Finance Minister Tito Mboweni
Finance Minister Tito Mboweni said on Wednesday that government would be reprioritising R546-million within the National Health Insurance (NHI) indirect grant to address the critical shortage of medical professionals and to procure beds and linen for public healthcare facilities.
The NHI is government's primary healthcare policy aimed at changing the purchase and delivery of health services by addressing inequalities between the private and public sectors, which serve a population of about 16 percent and more than 85 percent, respectively.
The NHI Bill has been tabled for public comment and will be resubmitted to Cabinet shortly. When enacted, it will establish the NHI Fund.
Mboweni said the department of health and the national treasury were working on a new payment mechanism, based on the number of patients served, for contracted general practitioners, in preparation for the NHI.
In his medium-term budget policy statement (MTBPS), Mboweni said that part of the NHI indirect grant will be reprioritised over the 2019 medium-term expenditure framework period to address challenges in one of government's four largest allocations in the medium-term.
Over the three-year period, an additional 2 200 critical medical posts will be created in provinces and medical student internships will be expanded.
Mboweni said at least R166-million has also been added to the NHI indirect grant to procure medical equipment and to design and construct a new 488-bed academic hospital in Limpopo, which is expected to begin in 2019/20 financial year.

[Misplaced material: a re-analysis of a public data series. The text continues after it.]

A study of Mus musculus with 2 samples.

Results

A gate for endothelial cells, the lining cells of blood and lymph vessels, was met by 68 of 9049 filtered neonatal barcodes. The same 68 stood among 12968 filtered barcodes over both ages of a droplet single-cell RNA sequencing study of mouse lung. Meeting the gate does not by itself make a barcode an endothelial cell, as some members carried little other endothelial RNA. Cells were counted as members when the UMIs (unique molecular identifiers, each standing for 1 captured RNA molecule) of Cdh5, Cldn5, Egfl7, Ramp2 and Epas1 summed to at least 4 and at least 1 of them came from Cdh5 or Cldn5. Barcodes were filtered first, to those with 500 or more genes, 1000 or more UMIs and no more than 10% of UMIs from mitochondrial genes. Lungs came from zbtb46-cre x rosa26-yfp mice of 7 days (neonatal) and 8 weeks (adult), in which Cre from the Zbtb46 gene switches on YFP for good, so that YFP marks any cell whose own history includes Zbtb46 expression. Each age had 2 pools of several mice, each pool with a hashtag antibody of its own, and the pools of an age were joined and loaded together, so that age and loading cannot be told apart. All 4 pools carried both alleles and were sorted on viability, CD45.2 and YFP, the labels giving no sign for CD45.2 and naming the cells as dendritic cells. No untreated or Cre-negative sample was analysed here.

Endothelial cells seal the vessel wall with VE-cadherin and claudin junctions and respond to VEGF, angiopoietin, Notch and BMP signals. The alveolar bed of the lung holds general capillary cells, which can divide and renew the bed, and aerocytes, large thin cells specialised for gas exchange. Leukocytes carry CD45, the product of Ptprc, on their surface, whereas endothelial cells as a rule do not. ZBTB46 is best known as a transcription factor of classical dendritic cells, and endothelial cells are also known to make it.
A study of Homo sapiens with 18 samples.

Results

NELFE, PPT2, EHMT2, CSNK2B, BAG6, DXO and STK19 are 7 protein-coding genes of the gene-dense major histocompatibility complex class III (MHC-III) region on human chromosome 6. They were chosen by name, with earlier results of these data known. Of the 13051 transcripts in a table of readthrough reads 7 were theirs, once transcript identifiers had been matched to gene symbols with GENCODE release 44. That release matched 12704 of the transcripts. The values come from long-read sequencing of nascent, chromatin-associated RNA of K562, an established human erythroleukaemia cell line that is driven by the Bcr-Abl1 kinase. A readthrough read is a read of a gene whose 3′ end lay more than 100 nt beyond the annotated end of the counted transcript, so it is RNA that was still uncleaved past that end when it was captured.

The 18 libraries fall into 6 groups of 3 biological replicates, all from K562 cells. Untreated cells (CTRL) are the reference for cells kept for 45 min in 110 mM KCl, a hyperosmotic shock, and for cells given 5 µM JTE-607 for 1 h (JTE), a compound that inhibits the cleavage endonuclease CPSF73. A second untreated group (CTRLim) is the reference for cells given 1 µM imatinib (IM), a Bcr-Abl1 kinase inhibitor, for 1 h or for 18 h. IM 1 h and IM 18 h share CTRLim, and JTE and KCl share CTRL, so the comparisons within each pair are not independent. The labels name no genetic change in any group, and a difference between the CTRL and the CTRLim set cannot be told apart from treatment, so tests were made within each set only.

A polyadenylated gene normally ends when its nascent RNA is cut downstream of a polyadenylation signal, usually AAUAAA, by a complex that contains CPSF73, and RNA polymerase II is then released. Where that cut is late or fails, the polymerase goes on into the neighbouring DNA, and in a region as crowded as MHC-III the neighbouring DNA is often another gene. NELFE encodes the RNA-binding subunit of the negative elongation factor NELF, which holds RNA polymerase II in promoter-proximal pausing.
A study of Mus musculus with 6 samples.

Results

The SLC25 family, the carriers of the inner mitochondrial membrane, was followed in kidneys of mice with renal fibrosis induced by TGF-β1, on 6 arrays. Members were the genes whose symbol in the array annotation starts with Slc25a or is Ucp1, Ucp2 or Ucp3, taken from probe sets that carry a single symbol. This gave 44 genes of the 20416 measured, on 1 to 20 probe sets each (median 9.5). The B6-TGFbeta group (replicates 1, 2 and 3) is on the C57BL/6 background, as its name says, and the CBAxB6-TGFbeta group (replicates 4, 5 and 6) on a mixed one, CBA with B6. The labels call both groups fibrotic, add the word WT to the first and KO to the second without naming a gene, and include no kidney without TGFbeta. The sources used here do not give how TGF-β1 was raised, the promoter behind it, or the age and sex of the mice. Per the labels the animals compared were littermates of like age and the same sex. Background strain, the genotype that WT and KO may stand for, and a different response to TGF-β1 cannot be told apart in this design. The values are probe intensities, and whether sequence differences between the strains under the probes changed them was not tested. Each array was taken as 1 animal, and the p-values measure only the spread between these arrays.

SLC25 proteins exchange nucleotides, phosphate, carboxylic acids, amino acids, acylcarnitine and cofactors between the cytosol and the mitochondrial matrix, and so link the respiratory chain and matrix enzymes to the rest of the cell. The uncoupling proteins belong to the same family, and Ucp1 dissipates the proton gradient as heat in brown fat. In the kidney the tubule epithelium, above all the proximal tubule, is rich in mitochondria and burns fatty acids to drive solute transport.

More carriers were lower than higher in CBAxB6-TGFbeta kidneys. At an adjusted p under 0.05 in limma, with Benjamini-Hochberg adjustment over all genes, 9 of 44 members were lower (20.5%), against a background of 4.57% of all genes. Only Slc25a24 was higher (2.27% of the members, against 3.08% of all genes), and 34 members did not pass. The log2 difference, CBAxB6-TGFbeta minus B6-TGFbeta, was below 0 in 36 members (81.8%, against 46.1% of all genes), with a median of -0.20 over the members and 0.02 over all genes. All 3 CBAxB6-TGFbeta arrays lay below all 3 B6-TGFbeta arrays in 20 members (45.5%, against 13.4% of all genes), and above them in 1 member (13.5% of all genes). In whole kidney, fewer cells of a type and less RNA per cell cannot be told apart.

"We will continue to work closely with the National Department of Health and other role players to ensure that the gradual phased implementation of the National Health insurance is adequately financed," Mboweni said.
"We are immediately reprioritising R350-million to recruit in excess of 2 000 health professionals into public health facilities. We are further reprioritising R150-million to purchase beds and linen for hospitals where the need is most dire."
Mboweni said the Community Health Worker Programme will implement the minimum wage and funding will be allocated to provinces from 2021/22 to support this. Funds are also provided to expand HIV anti-retroviral treatment in support of the universal test-and-treat policy.
Mboweni also said the department of health will establish expert teams to assist provinces in mediation and litigation processes to manage medico-legal claims as health-sector budgets are generally under pressure due to an increased caseload and budget constraints.
Over the next three years, Mboweni said that government has allocated funding to provinces to absorb medical interns returning to South Africa after training in Cuba.